This week there was a horrible terror attack in Sri Lanka. So naturally Katie Hopkins had a go at New Zealand Prime Minister Jacinda Ardern. Because clearly the rational response to tragedies in faraway countries is to draw wildly tenuous lines between unrelated events in a flimsy attempt to push your own bigoted agenda. As you do.
"Your move @jacindaardern," Hopkins tweeted alongside a video of news footage of the massacre. "I expect you to be dressed as the Pope, ringing church bells across #NZ and praying in Latin in Parliament by noon. 165 dead. 400 wounded (35 from overseas) #SriLanka"
The false equivalence Hopkins employed in her tweet will be evident to anyone with half a brain, but her post is illustrative of a wider trend. While Hopkins may be an extreme example of the unpleasant tactics various radical commentators utilise to weaponise everything and anything that can be co-opted to support their warped worldviews, she's only the tip of the iceberg. From straw man arguments to whataboutism and everything in between, our public discourse has become infested with various logical fallacies. In the year of our lord 2019 – or as I like to call it, the age of hype-rage – it's volume, not veracity, that counts.
It's no wonder we can no longer have reasonable, measured conversations with each other. We'd rather shout at each other at cross purposes than engage in meaningful discussion. Katie Hopkins would've known that there was no possible reasonable response to her daft tweet, but it didn't matter. She wasn't looking for an exchange of ideas, she was bolstering her brand of division by providing her thousands of followers with further fantastical reasons to feel afraid and outraged.
It's a common tactic on social media. It doesn't matter what you're arguing about, if you can make an interesting-sounding argument – facts and common sense be damned – you can be sure that there'll be someone who'll believe you. The so-called culture wars between progressives and conservatives, or, as they're known by their respective enemies, snowflakes and a***holes are largely fuelled by emotive bluster, crafted for the purpose of reinforcing bias and shutting down transformational debate.
It doesn't just happen when tragedies and major political decisions dominate the news cycle; it happens daily. Whenever I publish anything about, for example, sexual assault statistics is New Zealand, I can be almost certain that someone will respond with "well, what about the women in the Middle East?". Similarly, whenever a feminist issue appears in the news and I don't pass comment on it, it's highly likely that my "silence" on the issue (or, rather, the fact that I have a life and may not have been following the news for a few days) will be called into question.
Whether it's derailing a conversation about Trump's plummeting approval ratings by shouting "BUT HILLARY'S EMAILS" or responding to comments against Islamophobia with "well, what about Brunei's anti-LGBTQ laws?" the purpose is to distract and deflect. Nuance flies out the window.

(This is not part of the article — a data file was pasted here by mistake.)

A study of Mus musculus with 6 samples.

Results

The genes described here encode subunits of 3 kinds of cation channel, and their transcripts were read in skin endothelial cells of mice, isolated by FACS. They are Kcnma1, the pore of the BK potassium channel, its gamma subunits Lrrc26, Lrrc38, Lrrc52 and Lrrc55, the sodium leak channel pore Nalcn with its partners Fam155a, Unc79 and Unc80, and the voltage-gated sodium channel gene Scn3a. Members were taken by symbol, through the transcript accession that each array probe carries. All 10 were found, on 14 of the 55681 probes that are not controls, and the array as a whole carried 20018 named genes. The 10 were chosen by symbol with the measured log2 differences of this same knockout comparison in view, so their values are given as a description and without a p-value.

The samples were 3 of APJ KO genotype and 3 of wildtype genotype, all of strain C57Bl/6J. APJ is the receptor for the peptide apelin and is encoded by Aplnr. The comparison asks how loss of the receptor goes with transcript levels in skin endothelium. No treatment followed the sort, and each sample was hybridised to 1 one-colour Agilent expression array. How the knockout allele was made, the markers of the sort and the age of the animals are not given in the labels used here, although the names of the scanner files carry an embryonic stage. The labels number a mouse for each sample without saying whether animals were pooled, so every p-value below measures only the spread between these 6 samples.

In the fight for ideological supremacy the idea that someone could be against both homophobia and Islamophobia, for example, is impossible. By narrowing the available standpoints to force people into a black and white dichotomy, there is only right and wrong, and the many perspectives in between become untenable.
Many of these conversations occur in an environment seemingly bereft of critical thinking skills. Between fake news and wilful misinformation on social media, clickbait and outrage manufacturing in digital media and the fact that human beings are largely emotional creatures, the ingredients for the perfect storm are abundant. We've come to the point where even calls for critical thinking education are smeared as a liberal conspiracy to brainwash the populace.
At the risk of being accused of being one such liberal hellbent on indoctrinating the population, in our current maelstrom of polarisation, I believe that critical thinking skills are more vital than ever before.
There is so much distortion and fabrication in our public discourse that we should be teaching children to question and challenge from a young age, not only to protect them from the risk of radicalisation, but also to give them the skills to evaluate the world around them for what it is, not what various extremist commentators want them to think it is.
The majority of critical thinking education currently occurs at university level. That needs to be revised. Media literacy, of which critical thinking plays an important part, needs to be implemented much earlier in the curriculum. In this era of hyper connectivity, by the time young people get to university – if they decide or are able to access tertiary education at all – it will likely be too late.
It is only with considered scepticism and meaningful discourse that we'll be able to defuse extremist rhetoric, whether it's espoused by terrorists or controversial commentators. It's time we injected some civility and rationality back into our public debate.
We don't all have to agree with each other, but if we could agree to some basic terms of engagement (for example, that facts are facts and wilful misinformation isn't worthy of further dissemination) it would go some way towards reducing the risks of radicalised division and its tragic consequences.
And who knows? If we could find some common ground for a change, maybe we'd see that we're all just human beings, knocking along as best we can on the same march towards death.